Monday, July 2, 2012

Fletch Morality Of Law

This kind of works in with Lucia's post on morality this morning. I just read an article on Canada Free Press. It relates to ObamaCare, but also has important quotes (I think) from great thinkers of the past as to where law and morality come from. And what makes a good law or a bad law. The whole thing is worth reading, but here are some of the quotations by great thinkers of the past.
Heinrich A. Rommen in The Natural Law: A Study in Legal and Social History and Philosophy, describes Natural Law by using the great Hugo Grotius’ definition: The law of nature [ius naturale] is a dictate of right reason which points out that an act, according as it is or is not in conformity with rational [and social] nature, has in it a quality of moral baseness or moral necessity; and that, in consequence, such an act is either forbidden or enjoined by the author of nature, God.
Russell Kirk in Roots Of American Order describes the pagan Cicero’s Stoic-influenced theory of law:
Human laws are only copies of eternal laws. Those eternal laws are peculiar to man, for only man, on earth, is a rational being. The test of validity for the state’s laws is their conformity to reason. This reason, when firmly fixed and fully developed in the human mind, is Law. And so they believe that Law is intelligence, whose natural function it is to command right conduct and forbid wrongdoing. Thus, natural law forms the basis in creation for our intuitions of right and wrong, and is the context for our ability to reason.
Cicero himself discusses the universal existance of natural law across the world:
True law is right reason in agreement with Nature…it is of universal application, unchanging and everlasting… we need not look outside ourselves for an expounder or interpreter of it. And there will not be different laws at Rome and at Athens, or different laws now and in the future, but one eternal and unchangeable law will be valid for all nations and for all times, and there will be one master and one ruler, that is, God, over us all, for He is the author of this law, its promulgator, and its enforcing judge. Whoever is disobedient is fleeing from himself and denying his human nature, and by reason of this very fact he will suffer the worst penalties, even if he escapes what is commonly considered punishment.

A number of famed legal expositers have stated explicitely that a bad law is not binding. Consider Thomas Aquinas, considered history’s greatest authority on natural law, on just and unjust laws:
Laws framed by man are either just or unjust. If they be just, they have the power of binding in conscience, from the eternal law whence they are derived, according to Prov. 8:15: “By Me kings reign, and lawgivers decree just things.” On the other hand laws may be unjust in two ways: first, by being contrary to human good… The like are acts of violence rather than laws; because, as Augustine says (De Lib. Arb. i, 5), “a law that is not just, seems to be no law at all.” Secondly, laws may be unjust through being opposed to the Divine good: such are the laws of tyrants inducing to idolatry, or to anything else contrary to the Divine law: and laws of this kind must nowise be observed, because, as stated in Acts 5:29, “we ought to obey God rather than man.”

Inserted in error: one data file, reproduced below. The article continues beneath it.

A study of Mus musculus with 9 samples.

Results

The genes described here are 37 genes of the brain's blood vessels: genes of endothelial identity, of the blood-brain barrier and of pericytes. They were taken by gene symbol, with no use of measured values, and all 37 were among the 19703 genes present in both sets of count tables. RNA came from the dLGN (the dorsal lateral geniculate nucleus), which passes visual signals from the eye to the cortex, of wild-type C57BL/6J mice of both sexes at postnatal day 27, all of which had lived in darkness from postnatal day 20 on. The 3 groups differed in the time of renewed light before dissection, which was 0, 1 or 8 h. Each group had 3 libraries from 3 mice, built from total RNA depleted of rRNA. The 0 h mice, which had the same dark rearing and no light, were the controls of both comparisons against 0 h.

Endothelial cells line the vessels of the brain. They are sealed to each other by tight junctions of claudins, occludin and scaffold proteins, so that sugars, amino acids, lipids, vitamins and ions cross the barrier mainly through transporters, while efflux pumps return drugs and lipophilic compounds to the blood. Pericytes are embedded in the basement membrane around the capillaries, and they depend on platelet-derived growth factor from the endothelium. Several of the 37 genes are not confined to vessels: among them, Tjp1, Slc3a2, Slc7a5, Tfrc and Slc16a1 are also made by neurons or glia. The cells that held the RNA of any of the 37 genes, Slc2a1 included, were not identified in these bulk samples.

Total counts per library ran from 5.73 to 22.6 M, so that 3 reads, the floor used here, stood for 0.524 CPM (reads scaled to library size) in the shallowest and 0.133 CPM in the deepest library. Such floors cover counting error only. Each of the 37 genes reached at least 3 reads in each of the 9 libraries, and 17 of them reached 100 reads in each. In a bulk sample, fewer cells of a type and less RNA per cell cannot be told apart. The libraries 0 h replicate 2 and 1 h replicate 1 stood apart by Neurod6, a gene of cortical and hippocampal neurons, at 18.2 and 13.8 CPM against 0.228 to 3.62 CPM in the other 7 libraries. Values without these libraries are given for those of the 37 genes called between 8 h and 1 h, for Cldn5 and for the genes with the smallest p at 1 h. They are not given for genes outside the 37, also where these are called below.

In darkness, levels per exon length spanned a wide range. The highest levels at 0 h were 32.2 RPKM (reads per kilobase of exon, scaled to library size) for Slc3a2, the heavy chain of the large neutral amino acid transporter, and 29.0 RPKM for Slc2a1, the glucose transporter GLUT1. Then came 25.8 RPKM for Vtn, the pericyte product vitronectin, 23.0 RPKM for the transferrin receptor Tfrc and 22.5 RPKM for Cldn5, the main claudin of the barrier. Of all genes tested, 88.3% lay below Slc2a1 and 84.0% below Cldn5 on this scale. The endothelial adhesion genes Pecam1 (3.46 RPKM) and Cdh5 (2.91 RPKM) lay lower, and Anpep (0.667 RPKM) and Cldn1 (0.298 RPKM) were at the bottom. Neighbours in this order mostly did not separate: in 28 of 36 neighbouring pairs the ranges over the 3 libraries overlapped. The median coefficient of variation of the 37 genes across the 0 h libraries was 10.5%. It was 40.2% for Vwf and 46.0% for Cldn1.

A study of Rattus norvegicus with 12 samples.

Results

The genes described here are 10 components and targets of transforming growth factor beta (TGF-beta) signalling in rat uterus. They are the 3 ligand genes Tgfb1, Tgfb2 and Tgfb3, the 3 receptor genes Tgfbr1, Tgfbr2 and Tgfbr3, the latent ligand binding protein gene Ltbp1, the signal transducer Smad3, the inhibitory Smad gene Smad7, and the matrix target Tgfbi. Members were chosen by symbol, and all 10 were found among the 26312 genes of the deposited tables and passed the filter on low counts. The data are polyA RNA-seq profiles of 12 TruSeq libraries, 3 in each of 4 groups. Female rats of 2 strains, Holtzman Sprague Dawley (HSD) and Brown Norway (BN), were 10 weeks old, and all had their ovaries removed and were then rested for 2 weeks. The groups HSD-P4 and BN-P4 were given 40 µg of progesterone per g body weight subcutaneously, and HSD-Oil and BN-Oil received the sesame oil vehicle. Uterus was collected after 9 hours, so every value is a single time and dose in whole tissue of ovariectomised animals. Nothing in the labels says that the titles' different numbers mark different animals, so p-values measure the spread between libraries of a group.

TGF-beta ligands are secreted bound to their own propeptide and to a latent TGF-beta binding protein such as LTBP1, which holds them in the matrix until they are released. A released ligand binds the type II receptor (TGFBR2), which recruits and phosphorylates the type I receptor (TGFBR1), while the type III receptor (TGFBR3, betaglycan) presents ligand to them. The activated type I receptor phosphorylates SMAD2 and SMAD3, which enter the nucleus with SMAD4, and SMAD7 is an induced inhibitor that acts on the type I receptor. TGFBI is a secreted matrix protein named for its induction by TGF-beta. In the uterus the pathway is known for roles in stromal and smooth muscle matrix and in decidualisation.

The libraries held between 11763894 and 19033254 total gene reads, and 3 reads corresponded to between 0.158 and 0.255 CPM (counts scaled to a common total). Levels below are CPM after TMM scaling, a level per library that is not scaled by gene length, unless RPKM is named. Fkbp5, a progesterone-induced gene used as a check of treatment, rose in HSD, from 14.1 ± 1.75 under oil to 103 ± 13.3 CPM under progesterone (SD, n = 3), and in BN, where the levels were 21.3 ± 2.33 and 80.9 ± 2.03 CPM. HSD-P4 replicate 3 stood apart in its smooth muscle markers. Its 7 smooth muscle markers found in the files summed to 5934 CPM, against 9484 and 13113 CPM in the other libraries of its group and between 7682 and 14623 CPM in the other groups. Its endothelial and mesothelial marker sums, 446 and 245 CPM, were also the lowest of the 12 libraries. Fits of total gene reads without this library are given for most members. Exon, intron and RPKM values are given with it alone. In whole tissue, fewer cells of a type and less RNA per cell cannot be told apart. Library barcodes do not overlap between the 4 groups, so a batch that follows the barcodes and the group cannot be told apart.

Probably no American is more celebrated for his views of law, tyranny and the right to engage in civil dissobedience than Dr. Martin Luther King, Jr. In his “Letter from a Birmingham Jail” Martin Luther King, Jr. said,
You express a great deal of anxiety over our willingness to break laws. This is certainly a legitimate concern. One may well ask: “How can you advocate breaking some laws and obeying others?” The answer lies in the fact that there are two types of laws: just and unjust. I would be the first to advocate obeying just laws. One has not only a legal but a moral responsibility to obey just laws. Conversely, one has a moral responsibility to disobey unjust laws. I would agree with St. Augustine that “an unjust law is no law at all.” Now, what is the difference between the two?
How does one determine whether a law is just or unjust? A just law is a man made code that squares with the moral law or the law of God. An unjust law is a code that is out of harmony with the moral law. To put it in the terms of St. Thomas Aquinas: An unjust law is a human law that is not rooted in eternal law and natural law. Any law that uplifts human personality is just. Any law that degrades human personality is unjust. There is nothing new about civil disobedience. It was evidenced sublimely in the refusal of Shadrach, Meshach and Abednego to obey the laws of Nebuchadnezzar, on the ground that a higher moral law was at stake.
It was practiced superbly by the early Christians, who were willing to face hungry lions and the excruciating pain of chopping blocks rather than submit to certain unjust laws of the Roman Empire. To a degree, academic freedom is a reality today because Socrates practiced civil disobedience. In our own nation, the Boston Tea Party represented a massive act of civil disobedience.
John Locke, the Founders’ model for much American legal and government theory says the following about unjust government: “Whenever the power that is put in any hands for the government of the people, and the protection of our properties, is applied to other ends, and made use of to impoverish, harass or subdue them to the arbitrary and irregular commands of those that have it; there it presently becomes tyranny, whether those that thus use it are one or many”. (Second Treatise, Chapter 18).

1 comment(s):

Anonymous said...

Nice post. I always like reading about this stuff. The related topic I find even more fascinating is where the laws of physics actually demonstrate the natural and just laws we've discovered.